I’ve looked through many of the other issues other students were having, and I’m pretty sure my code should be correct. I’m using the x = X[:,t,:] slicing method, and the LSTM model is receiving the ‘a’ and ‘c’ that are updated at each iteration of the loop.

Initially when doing the unit test I got the error ‘reshaper has multiple inbound nodes’, which I fixed by restarting the kernel and clearing all outputs.

But now I have the error: “Error in test. The lists contain a different number of elements”.

At this point I’m not really sure what’s wrong, and I’m not sure which lists the error is referring to.

AssertionError Traceback (most recent call last)
in
1 # UNIT TEST
2 output = summary(model)
----> 3 comparator(output, djmodel_out)

~/work/W1A3/test_utils.py in comparator(learner, instructor)
16 def comparator(learner, instructor):
17 if len(learner) != len(instructor):
—> 18 raise AssertionError(“Error in test. The lists contain a different number of elements”)
19 for index, a in enumerate(instructor):
20 b = learner[index]

AssertionError: Error in test. The lists contain a different number of elements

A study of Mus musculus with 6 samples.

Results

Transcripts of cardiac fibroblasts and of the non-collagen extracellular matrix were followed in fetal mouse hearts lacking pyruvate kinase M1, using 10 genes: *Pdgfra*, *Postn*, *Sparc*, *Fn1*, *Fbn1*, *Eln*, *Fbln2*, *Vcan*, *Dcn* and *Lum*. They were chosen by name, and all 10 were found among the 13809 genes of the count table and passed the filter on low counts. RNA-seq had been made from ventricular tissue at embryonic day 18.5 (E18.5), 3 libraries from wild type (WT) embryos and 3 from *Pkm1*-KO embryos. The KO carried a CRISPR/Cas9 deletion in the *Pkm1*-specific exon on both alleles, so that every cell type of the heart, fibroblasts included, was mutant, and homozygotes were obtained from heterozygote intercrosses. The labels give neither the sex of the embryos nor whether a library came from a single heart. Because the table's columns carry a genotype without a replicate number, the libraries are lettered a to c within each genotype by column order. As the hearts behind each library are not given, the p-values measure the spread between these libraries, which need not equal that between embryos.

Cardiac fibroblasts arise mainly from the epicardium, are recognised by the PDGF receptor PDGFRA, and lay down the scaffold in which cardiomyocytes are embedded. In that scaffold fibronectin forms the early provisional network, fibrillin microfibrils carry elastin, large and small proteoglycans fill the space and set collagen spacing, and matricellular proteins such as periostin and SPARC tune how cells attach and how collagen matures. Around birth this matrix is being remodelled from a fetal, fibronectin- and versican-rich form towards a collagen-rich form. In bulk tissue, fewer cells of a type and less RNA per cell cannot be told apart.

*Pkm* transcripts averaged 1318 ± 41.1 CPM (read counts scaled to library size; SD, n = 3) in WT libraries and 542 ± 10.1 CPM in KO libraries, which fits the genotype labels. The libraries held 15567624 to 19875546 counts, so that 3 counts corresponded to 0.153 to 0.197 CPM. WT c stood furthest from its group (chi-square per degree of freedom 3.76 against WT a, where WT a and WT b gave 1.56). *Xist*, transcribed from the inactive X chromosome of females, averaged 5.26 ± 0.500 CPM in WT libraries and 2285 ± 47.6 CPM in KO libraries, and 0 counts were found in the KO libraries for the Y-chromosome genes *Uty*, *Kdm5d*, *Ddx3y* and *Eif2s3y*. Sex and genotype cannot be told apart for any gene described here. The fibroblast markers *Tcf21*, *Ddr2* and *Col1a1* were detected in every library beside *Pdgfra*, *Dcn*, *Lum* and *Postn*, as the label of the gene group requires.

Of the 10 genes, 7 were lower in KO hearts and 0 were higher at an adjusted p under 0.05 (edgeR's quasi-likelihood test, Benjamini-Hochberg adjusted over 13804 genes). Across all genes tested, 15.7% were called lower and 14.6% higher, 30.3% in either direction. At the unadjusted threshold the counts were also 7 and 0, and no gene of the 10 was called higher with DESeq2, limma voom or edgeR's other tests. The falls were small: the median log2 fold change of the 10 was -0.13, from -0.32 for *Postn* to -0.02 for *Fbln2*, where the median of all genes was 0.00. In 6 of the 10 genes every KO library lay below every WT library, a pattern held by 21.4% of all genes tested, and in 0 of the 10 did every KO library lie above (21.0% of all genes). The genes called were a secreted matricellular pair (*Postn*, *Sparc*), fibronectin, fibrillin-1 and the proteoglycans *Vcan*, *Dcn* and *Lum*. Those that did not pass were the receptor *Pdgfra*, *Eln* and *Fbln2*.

Hey @cheberling,
I believe that the issue lies in step-2 of your implementation. Looks like you have altered the comment for step-2. The original comment is “Step 2: Loop from 0 to Tx”. Let us know if this resolves your issue.

I did not change the comment for step 2, and in fact the documentation above the function reads:

I followed the instructions I was given exactly. When I change the loop to start at 0, all tests passed. So it appears that you need to fix the instructions.

Hey @cheberling,
Apologies for the delayed response.

Apologies for that, that was a discrepancy on my end.

Actually, the issue lies in differences between the mathematical and programming conventions. In the markdown, the mathematical notation has been used, in which the indices starts from 1 and ends at T_x, including both. However, in programming, the indices starts from 0, so, we only need to take it up to T_x - 1.

Also, note that when we use range(1 , Tx), it doesn’t include Tx, so, this would be incorrect, as per the mathematical notation as well. To implement the mathematical notation, it should be range (1, Tx + 1), but in programming, we almost never do that. I assume you might have noticed this at multiple places throughout the specialization.